Pastoralists to access financial services to mitigate drought

The project will be implemented by the State Department of Livestock (SDL), ZEP-RE (PTA Reinsurance Company), and Kenya Development Corporation (KDC).

Pastoralists will be able to access financial services for drought mitigation through a new initiative that is meant to help reduce livestock losses and livelihoods.

The project, named DRIVE (De- Risking Inclusion and Value Enhancement of Pastoral Economies) will focus on areas including value chains, and facilitate the livestock trade in the Horn of Africa (Kenya, Ethiopia, Somalia, and Djibouti).

“Managing drought shocks, encouraging herders to offload animals that are ready for market and supporting private sector investments in livestock product value chain will unlock the potential of the pastoral production system. The economic impact of floods and droughts is estimated to create an average fiscal liability of 2 percent to 2.4 percent of GDP annually,” said Agriculture Cabinet Secretary, Hon. Mithika Linturi.

Drought insurance, enhanced trade linkages, and economic integration are priorities for the Horn of Africa Initiative (HoAI), where the DRIVE project is anchored on. The project leverages the learnings of Kenya Livestock Insurance Program (KLIP) and Satellite Index Insurance for Pastoralists (SIIPE) in Ethiopia.

The initiative funded by the World Bank will be hosted by the State Department of Livestock (SDL) in partnership with ZEP-RE (PTA Reinsurance Company), Kenya Development Corporation (KDC).

Harry Kimtai, Principal Secretary, State Department for Livestock Development Ministry of Agriculture and Livestock Development, stated that whereas severe drought on average affects 3.4 million people in each drought cycle in the country, the most affected regions are Arid and Semi-Arid Lands. “The DRIVE project will focus on building the resilience of the Pastoral economies by protecting against drought risk and increasing financial inclusions of pastoralists through better connections to the markets, thus facilitating trade and upgrading value chains by mobilizing private investments.”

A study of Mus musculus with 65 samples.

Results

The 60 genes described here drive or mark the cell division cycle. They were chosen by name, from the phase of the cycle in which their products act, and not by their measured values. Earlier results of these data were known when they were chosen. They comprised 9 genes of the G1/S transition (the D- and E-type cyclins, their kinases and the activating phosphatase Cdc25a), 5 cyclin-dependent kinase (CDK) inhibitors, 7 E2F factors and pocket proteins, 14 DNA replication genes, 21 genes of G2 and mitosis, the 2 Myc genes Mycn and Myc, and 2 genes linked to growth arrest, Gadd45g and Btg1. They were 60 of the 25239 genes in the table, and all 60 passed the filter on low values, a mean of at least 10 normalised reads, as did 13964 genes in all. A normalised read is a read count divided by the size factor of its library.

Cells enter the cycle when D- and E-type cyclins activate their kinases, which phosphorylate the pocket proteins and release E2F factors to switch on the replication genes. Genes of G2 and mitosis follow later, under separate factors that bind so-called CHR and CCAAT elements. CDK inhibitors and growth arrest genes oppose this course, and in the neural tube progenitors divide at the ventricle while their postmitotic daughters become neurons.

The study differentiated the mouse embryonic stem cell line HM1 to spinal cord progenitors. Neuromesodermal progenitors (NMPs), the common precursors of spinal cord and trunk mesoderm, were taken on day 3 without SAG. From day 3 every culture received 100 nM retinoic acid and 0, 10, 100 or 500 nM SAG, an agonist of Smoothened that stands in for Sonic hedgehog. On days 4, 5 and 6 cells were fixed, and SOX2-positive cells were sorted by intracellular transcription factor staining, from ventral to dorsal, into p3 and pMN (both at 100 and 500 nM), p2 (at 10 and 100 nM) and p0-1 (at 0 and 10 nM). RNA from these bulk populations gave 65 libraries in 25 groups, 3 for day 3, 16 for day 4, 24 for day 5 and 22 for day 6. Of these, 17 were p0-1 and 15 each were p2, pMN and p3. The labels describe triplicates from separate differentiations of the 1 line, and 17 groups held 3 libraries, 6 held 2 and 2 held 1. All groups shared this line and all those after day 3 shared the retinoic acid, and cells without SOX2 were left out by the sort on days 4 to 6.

The project is designed to be a public-private partnership, and according to James Sina, Special Financial Specialist at the World Bank, “By bringing together expertise from these different sectors, the opportunities to leverage on knowledge and infrastructure from the stakeholders can bring synergy while implementing, and in the long run providing sustainable solutions in supporting pastoral communities beyond the project funding timelines.”

The DRIVE project is divided into two components. ZEP-RE (PTA Reinsurance Company) is the implementing agent for component 1, managing the funds worth US$75 million to deliver a financial package that includes a livestock insurance product, a savings bonus product to promote a savings culture and delivery of these financial products through digital accounts for pastoralists.

Hope Murera, CEO of ZEP-RE (PTA Reinsurance Company), highlighted that the program is structured specifically for the drought period, insuring pastoralists before short and long rain where the pastoralists will contribute 20 percent and the government supporting by contributing 80 percent subsidy of the insurance premiums.

Kenya Development Corporation (KDC) is the implementing agent of component 2, managing funds worth US$40 million to crowd in private sector finances by derisking livestock value chains and supporting viable investment opportunities that integrate pastoralists to unlock livestock trade potential for the country.

Norah Ratemo, Acting Director General of KDC, notes that while the US$40 million is not sufficient, KDC will incentivize the private sector by investing along the value chain where they derisk investments with matching funds arrangement. This also offers an opportunity to formalize the sector and position it for sustainable trade also improve.

The State Department of Livestock will oversee the overall project coordination and delivery of public sector responsibilities. It will ensure linkages between the two components and coordinate implementation with the Counties.

Going forward, the State Department of Livestock and the implementing agents will sign a Memorandum of Understanding with the counties with clear roles and modalities in the project coordination and implementation.